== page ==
I have built a template to follow when creating auto notifications from an internal system (for employees only), I had been advocating for including the greeting Hello <Name>.

Currently the auto notifications say Dear <Name>, which I think is very old fashioned.

However, now I am questioning whether we need a greeting at all. It's obviously an auto generated email and there are rules as to when you would receive it (i.e. only if it is a status update or for an action – not FYI purposes).

Is the greeting superfluous given we are all very busy and just want to know what we need to do?

  • Welcome to the site! I don't think it matters much what greeting you use as long as it's consistent with the tone elsewhere in the system. If you can give us a bit more context about who is communicating with whom using this system, and how they usually communicate, you might find you've answered your own question. Commented Jan 21, 2014 at 4:23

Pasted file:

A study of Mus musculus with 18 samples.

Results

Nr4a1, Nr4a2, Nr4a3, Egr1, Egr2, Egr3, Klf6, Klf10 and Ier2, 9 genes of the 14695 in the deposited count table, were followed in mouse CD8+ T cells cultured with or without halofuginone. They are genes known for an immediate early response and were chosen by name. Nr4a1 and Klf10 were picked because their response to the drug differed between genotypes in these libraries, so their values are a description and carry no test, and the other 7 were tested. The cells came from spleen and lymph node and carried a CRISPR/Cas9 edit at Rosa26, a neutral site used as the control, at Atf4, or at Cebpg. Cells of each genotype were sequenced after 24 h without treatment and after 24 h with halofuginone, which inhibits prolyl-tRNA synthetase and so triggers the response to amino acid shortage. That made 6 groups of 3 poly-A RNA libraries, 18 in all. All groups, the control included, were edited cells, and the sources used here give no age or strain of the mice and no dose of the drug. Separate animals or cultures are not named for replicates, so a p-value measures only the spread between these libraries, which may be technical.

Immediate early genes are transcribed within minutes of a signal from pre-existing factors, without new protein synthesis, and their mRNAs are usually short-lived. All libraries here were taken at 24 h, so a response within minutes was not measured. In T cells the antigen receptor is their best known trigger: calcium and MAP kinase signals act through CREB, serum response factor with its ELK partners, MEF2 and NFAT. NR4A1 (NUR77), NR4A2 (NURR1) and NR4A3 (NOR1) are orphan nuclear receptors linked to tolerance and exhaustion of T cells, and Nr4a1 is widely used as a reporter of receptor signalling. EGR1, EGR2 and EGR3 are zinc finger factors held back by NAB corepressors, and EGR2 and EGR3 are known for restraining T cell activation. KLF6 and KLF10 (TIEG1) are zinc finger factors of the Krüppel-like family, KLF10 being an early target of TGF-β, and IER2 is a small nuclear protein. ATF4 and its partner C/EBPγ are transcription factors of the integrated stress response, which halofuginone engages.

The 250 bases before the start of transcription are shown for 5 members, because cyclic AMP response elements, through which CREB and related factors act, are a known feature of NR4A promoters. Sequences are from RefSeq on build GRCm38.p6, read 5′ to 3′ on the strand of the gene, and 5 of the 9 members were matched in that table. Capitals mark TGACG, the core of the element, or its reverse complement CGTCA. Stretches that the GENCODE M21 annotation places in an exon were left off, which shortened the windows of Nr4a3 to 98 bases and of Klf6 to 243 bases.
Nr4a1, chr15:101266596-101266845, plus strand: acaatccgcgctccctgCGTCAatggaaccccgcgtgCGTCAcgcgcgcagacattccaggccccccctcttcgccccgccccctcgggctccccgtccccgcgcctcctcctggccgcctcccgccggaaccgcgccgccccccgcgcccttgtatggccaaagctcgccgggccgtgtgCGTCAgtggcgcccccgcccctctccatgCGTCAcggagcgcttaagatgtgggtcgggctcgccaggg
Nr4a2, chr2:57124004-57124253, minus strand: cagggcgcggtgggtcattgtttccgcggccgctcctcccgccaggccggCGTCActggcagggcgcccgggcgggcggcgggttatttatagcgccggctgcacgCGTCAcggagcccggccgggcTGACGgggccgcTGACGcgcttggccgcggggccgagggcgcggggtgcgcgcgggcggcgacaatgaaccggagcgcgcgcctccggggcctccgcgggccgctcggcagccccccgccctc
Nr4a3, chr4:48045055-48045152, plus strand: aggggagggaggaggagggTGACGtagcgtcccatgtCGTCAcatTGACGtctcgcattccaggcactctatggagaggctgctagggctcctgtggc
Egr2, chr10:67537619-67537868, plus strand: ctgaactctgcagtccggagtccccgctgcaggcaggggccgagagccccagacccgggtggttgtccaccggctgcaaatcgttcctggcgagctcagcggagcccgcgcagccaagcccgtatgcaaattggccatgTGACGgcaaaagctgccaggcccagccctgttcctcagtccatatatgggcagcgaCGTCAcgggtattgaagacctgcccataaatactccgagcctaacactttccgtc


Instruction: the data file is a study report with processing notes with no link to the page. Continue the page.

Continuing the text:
• Thanks - the problem is that there is little consistency at present so looking to introduce best practice guidelines. The auto emails will come from a HR system to employees, however employees will get a mix of these auto messages and messages from the operations team. The question is really around if you receive an auto response that appears to be from a system, is it expected / standard to have a greeting i.e. the system to be saying 'hi'?
    – user41261
    Commented Jan 21, 2014 at 4:30

2 Answers 2


It's all about the purpose of the message:

For a message that conveys factual information such as an acknowledgement of submission or system update I would say you could go with with John Doe, or no name at all.

If it is something like a seasonal greeting then Hi John, or Hello John Doe, would be more suitable.


It really depends on the tone of the message itself. If purely informational and somewhat formal, I would say go with simply John Doe,. However, if the tone is light and informal, I'd go with Hello Mr. Doe,.

Another thing to consider is whether these messages are intended to seem as if they are being written by humans or simply a transfer of information from computer to human. If the latter, no greeting is warranted, if the former, it would be just as appropriate as in a message from another human.